The landscape photography book which I have been reading says that I should avoid the mundane and aim for the mysterious.
The mystery for the spectator can be one of four things; what is it? what does it mean to me? does it touch my emotions? why did the photographer take the picture? In this case as far as I can see, the answers to these questions will be very obscure, especially the last one. Does this make it a good picture? It’s a mystery. (Please do not try to help me out here as this will only raise more questions.) I am going to have to stop reading books which make my head hurt. Note for certain male readers: the photograph shows items on the draining board after being washed up. I realise that this will make the mystery only deeper for you. You thought that things washed themselves up and then put themselves away.
The last day of the year threatened to be as bad as any that had gone before. When I woke up, the wind was howling round the house and it was raining. When I went downstairs, water had leaked through the window and the back wall. I was just working up to a really thoroughgoing rant with a choice range of selected swearwords of a kind suitable for old gentlemen in a temper when my day brightened. The rain let up and Sandy and Dropscone came to join me for coffee.
Dropscone had just taken his daughter to the dentist in Hawick and he arrived bearing gifts of a bakery nature. We couldn’t exactly say what they were but Dropscone did point out that they were the first things that he had ever brought to eat with our coffee that either he hadn’t made himself or which he hadn’t purchased at a discount on account of them being very close to their sell by dates. We were suitably grateful. They had a hint of cheese about them and were very good, whatever they were.
No birds had come to the feeder in the early part of the morning because the wind was just to strong for them but it let up after coffee and I took a picture or two.
The birds seemed nearly as cross as I was.
One brambling simply couldn’t wait at all amid scenes that resembled the January sales.
I had resigned myself to another wasted day until I looked up after lunch and saw that there was some blue sky about. I thought that the wind would be still be strong but it had dropped away. There was no excuse. I got the winter bike out, tucked my trousers in and set off up the road to Bentpath.
This route involves a short but stiff climb at the start and I was worried that I might not be up to it but all was well and I floated up the hill on a wave of euphoria brought on by the unexpected pedal.
Although the day was dry, the surrounding countryside was anything but.
This little river was running over a wall and across the road in fine style and I was pleased not to meet a car coming the other way while I was splashing through it.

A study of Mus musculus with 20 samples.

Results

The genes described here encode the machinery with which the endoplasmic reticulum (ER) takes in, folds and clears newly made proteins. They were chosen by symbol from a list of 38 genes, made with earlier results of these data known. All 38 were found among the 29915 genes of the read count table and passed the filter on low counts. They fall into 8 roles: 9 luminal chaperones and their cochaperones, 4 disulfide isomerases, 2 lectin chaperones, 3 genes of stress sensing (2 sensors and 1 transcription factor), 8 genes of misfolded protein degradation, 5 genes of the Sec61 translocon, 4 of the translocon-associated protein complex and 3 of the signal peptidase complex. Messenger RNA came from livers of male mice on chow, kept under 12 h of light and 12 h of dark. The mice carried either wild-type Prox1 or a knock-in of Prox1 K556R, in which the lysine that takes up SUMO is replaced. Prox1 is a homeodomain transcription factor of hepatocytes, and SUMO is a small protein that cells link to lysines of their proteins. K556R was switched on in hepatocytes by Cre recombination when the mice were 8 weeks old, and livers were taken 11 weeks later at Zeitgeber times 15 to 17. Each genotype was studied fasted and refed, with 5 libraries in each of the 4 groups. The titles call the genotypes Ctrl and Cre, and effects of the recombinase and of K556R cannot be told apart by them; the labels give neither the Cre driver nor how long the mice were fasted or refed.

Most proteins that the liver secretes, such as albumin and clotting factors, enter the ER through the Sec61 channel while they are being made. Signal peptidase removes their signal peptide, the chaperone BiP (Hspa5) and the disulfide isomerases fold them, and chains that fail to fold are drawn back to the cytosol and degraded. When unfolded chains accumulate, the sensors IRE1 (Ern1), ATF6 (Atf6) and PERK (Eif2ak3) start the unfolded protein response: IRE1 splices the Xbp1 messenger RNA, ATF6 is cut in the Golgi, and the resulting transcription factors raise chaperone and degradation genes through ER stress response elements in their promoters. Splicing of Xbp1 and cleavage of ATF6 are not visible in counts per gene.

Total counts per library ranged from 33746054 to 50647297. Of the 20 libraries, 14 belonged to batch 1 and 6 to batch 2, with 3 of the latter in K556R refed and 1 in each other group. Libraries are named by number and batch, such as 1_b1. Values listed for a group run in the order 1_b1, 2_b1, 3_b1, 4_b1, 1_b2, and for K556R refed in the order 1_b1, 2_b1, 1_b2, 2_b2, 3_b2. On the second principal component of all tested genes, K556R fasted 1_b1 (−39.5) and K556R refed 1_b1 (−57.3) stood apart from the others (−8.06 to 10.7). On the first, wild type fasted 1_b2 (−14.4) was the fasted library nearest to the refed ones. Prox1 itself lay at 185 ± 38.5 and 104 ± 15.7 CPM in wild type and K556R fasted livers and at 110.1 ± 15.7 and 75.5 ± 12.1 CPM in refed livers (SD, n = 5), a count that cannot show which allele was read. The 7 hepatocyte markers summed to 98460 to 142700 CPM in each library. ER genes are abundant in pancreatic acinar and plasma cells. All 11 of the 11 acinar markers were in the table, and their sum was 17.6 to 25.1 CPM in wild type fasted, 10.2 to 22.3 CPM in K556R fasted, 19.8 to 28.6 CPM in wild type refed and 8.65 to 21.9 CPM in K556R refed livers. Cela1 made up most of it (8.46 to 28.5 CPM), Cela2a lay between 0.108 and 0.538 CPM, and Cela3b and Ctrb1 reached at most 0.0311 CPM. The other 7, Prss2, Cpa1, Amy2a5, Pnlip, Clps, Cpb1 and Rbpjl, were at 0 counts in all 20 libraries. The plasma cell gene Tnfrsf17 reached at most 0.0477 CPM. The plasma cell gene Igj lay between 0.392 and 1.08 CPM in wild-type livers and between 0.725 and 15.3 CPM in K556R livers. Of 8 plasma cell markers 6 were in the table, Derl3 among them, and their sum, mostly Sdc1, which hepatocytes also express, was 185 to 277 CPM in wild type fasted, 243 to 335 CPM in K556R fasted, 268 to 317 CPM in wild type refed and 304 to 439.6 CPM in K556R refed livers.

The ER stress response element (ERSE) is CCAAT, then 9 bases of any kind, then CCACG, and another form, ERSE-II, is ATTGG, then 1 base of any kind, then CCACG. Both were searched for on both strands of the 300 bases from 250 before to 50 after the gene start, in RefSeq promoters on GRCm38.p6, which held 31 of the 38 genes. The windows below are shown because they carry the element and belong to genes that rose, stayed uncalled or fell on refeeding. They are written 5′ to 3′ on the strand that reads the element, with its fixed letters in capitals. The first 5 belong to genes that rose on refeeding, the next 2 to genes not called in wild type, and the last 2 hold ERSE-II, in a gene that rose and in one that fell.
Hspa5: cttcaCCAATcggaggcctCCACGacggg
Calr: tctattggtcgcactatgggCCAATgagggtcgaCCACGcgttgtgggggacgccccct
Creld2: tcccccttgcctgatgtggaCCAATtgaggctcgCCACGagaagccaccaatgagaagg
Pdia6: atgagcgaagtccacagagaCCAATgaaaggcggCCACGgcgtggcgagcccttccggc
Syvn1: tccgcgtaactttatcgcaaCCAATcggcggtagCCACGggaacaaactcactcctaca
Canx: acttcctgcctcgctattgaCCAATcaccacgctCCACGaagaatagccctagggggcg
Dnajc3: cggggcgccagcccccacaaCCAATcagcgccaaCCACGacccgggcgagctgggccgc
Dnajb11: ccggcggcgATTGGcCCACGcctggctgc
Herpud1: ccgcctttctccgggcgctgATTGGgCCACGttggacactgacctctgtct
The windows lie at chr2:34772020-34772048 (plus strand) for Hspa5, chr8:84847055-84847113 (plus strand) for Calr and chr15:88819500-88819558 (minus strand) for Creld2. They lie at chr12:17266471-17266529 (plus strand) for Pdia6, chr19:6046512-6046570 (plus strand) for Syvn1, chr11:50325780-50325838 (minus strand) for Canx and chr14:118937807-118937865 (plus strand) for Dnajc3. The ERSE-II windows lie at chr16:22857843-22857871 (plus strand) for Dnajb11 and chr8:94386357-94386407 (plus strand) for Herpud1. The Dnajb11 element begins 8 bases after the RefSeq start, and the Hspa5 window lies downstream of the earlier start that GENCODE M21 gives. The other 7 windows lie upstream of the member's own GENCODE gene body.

The fields had puddles in every dip.
There were glimpses of sun to be had but I had no need of sun cream as they were far off.
I made a point of stopping regularly on the way out as I was pedalling into what was still quite a noticeable breeze and this gave me the opportunity to take some illustrative pictures as I went.
This is the Esk at Bentpath and the picture shows how very flat the valley bottoms are among the steep sided hills.
The puddles weren’t just in the fields.
Luckily, I was going so slowly that there was no danger of getting myself soaked as I went through.
I had to look twice when I saw these.
I’ll go back and try to take a better picture of them next time if they are still there.
I had just crossed the Meggat Water….
…and reached the furthest extent of my ride at Enzieholm Bridge when a wobble of the handlebars indicated that something was wrong. I had a puncture. This was annoying as I didn’t fancy a seven and a half mile walk home. I looked rather nervously in my back bag and was pleased to find two tyre levers, a spare tube and my little pump. This was a bonus as I don’t always carry spares because my usual Schwalbe tyres are so hard wearing that I haven’t had a puncture for ages.
I set about changing tubes and to my amazement and delight, I managed it and, what is more, without hurting my thumbs to any great extent. I was also very heartened to be twice offered assistance, once by a passing pedestrian and once by a couple in a car. My morning gloom was entirely dispelled by now and I cycled home down wind and at peace with the world.
The turkey mountain having now disappeared, I am setting to work on reducing the cheese mountain and so I enjoyed a plate of macaroni cheese for me tea. It will be sad not to have Mrs Tootlepedal here for seeing in the New Year but thanks to the wonders of technology, I managed this.
I think that as the poet says, that should be ‘paradise enow’, though I couldn’t run to a jug of wine since I am restricted to a glass per week.
Since the night was calm and clear and the next competition at the camera club is night photographs, I went out to have a try.
I don’t feel that I have understood the point of night photography except for catching badgers playing since photography is writing with light and there isn’t much light at night but I will persevere.
One of the things about night shooting is that you can’t use your auto focus and mu eyesight is so bad I can’t tell whether the shot is in focus or not until I get home, which is too late.
I notice that many other bloggers have posted a retrospective look at 2012 so I had better do mine:
2012: very disappointing.
The final flying bird of the year.
I wish a very good and successful new year with all that you wish and deserve in it to all of those of you who have persevered as far as this down to the post.